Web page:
Just one centimetre separated the three medal winners in the Men's Shot at the IAAF World Championships which must be the closest margin of any event at the championships.

Sadly, New Zealander Tom Walsh was the one who had to settle for bronze. His stunning opening trial of 22.90 was a huge personal best, New Zealand and Oceania record and the world leader for 2019 and at the time the fourth-best put of all time.



Walsh put everything into his last effort but had to settle along with Crouse for the fifth equal best put of all time. He and we can't wait for next year's Olympics. It had been a stunning climax to a great year for the event.

"It is the little things that are vital. Little things make big things happen" is a major theme of a pre-season camp I am involved with for the next few days in Tauranga. The championships provided countless examples of small margins.

The camp is designed to kick start the new season that commences at club night next Tuesday at Cooks Gardens at 7pm with the C Programme (60m,150m, 300m, 600m, 2000m Road, Long Jump. Shot).

At camp athletes will be looking at goals and planning for the season ahead, especially the challenges of balancing training, competition and the vital academic NCEA exam programme. Benjamin Franklin summed it up well, "if you fail to plan you are planning to fail".

Athletes who watched the IAAF Championships could not fail to be inspired. The opening days were good, the final days outstanding and at last there was a larger and more vociferous audience to see the action unfold.

It was great to see a global 1500metres that was run from the front by a world leader who laid down the gauntlet right from the start rather than the usual slow tactical battle of recent global events.

The men's and women's 400 metres saw outstanding races with world leading performances. The women's 400 metre hurdles was an outstanding race which went right to the wire. The heptathlon provided a new star with the UK's Katerina Johnston-Thompson producing four personal best in her seven events to take the championship from the titleholder and Olympic Champion Nafi Thiam (Belgium) with a performance that lifts her to fourth in the all-time list.

KJT has clearly worked on her throws in France which has become her training base. The UK has a new superstar.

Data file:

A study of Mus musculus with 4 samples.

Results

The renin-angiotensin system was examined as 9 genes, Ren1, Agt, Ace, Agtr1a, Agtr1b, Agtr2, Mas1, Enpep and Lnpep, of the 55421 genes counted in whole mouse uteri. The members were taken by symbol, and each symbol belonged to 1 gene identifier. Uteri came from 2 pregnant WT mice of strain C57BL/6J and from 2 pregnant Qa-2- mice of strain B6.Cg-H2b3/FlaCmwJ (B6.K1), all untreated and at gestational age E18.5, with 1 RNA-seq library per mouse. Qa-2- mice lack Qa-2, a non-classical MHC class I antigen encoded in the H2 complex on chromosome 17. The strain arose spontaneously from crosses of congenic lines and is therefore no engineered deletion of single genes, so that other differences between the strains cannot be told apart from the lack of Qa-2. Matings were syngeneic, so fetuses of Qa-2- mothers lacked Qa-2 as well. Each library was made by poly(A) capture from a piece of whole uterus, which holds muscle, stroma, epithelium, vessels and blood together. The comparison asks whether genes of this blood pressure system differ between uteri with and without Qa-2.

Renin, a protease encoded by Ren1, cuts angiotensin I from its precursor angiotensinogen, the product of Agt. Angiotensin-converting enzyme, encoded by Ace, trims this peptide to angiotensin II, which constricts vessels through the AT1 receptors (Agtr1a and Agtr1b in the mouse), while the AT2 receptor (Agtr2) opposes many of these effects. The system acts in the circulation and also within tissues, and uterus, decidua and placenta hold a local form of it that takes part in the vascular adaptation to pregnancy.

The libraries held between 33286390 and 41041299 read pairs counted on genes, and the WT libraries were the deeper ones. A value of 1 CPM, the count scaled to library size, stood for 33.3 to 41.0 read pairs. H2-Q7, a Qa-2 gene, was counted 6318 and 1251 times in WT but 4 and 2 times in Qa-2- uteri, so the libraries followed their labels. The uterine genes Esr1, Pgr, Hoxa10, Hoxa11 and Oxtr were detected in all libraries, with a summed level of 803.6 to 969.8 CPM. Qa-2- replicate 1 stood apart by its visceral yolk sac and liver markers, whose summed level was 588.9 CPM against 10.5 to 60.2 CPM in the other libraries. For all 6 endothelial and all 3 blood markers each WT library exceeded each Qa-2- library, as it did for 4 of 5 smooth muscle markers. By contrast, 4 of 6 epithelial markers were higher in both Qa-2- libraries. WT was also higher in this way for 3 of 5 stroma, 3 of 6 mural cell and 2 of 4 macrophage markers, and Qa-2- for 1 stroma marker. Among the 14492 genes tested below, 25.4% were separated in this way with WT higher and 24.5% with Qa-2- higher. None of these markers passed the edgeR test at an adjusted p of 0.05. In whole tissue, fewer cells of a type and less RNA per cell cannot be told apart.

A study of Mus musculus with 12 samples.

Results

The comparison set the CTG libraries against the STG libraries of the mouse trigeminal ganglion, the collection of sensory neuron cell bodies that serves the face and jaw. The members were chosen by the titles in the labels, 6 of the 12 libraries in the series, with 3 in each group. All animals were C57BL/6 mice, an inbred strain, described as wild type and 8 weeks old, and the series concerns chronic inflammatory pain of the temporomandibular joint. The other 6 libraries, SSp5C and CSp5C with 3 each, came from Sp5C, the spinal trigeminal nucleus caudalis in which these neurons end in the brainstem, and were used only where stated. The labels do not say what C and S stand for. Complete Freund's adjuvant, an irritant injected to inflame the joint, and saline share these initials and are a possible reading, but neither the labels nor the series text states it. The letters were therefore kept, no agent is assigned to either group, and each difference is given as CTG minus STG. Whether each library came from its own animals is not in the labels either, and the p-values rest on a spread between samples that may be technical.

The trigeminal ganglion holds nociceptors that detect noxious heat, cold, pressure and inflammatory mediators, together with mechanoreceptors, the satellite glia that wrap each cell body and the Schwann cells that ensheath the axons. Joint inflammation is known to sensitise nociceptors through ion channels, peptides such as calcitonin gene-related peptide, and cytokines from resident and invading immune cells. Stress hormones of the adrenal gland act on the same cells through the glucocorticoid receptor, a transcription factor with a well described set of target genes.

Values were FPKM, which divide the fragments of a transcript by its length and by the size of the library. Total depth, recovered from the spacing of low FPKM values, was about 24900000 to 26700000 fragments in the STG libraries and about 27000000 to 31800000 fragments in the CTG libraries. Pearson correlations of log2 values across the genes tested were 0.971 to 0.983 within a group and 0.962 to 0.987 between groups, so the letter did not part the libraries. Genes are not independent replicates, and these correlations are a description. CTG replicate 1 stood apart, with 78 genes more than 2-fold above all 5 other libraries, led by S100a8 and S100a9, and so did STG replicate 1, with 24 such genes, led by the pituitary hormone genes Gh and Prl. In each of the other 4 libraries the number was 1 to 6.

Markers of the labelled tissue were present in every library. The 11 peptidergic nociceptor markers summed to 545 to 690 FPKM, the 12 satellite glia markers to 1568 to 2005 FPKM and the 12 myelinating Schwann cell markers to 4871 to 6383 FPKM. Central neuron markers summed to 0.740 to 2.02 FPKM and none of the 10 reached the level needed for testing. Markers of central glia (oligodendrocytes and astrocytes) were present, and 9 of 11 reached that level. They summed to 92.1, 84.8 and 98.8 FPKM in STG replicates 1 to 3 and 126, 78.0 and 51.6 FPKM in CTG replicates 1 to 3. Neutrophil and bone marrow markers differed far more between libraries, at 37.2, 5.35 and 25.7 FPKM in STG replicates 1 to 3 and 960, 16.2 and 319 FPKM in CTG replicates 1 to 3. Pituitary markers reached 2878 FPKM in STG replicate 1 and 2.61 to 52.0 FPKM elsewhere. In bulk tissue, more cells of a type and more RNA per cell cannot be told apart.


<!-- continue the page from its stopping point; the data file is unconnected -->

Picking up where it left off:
Former Whanganui athlete Max Attwell, who was just one place shy of medals at the Universiade in Naples, will have watched with interest and hopefully been inspired as he works on his weaker areas.

In the men's decathlon Niklas Kaus (Germany) threw the javelin to a world decathlon best (79.08) bringing him to third which he promoted to gold following an outstanding 1500m in the next and final event.

The home crowd were treated to a fantastic comeback from Mutal Essa Barshim, who a year back was seriously injured requiring surgery. He added centimetres to his season's best to win with a superb 2.37 metre leap to take Qatar's first gold. I am sure Attwell's coach and former New Zealand high jump champion and New Zealand decathlon representative, Terry Lomax, will have enjoyed the action in Doha where he is with the New Zealand team.

From a New Zealand perspective, it is easy to forget in the excitement that Jacko Gill, on his return from illness, has had a great season after finishing 7th and at 24 this former world junior champion is ready to join the big boys in Tokyo next year.

It was great to see Camille Buscomb, who set a huge 19sec personal best in the 5000 metre heats to qualify for the final and take another 3 seconds off to finish 12th in a highly competitive final.

The global nature of the sport was evident with close to 200 countries involved and no less than 43 (44 if the Authorized Neutral athletes [ANA] from Russia are included) appeared on the final medal table.

It is interesting to note how well counties such as Poland, Japan, Switzerland did in relays reminding athletes of the importance that good training and technique can go far which should inspire New Zealand sprinters including our own at camp as they prepare to defend New Zealand Schools relay titles.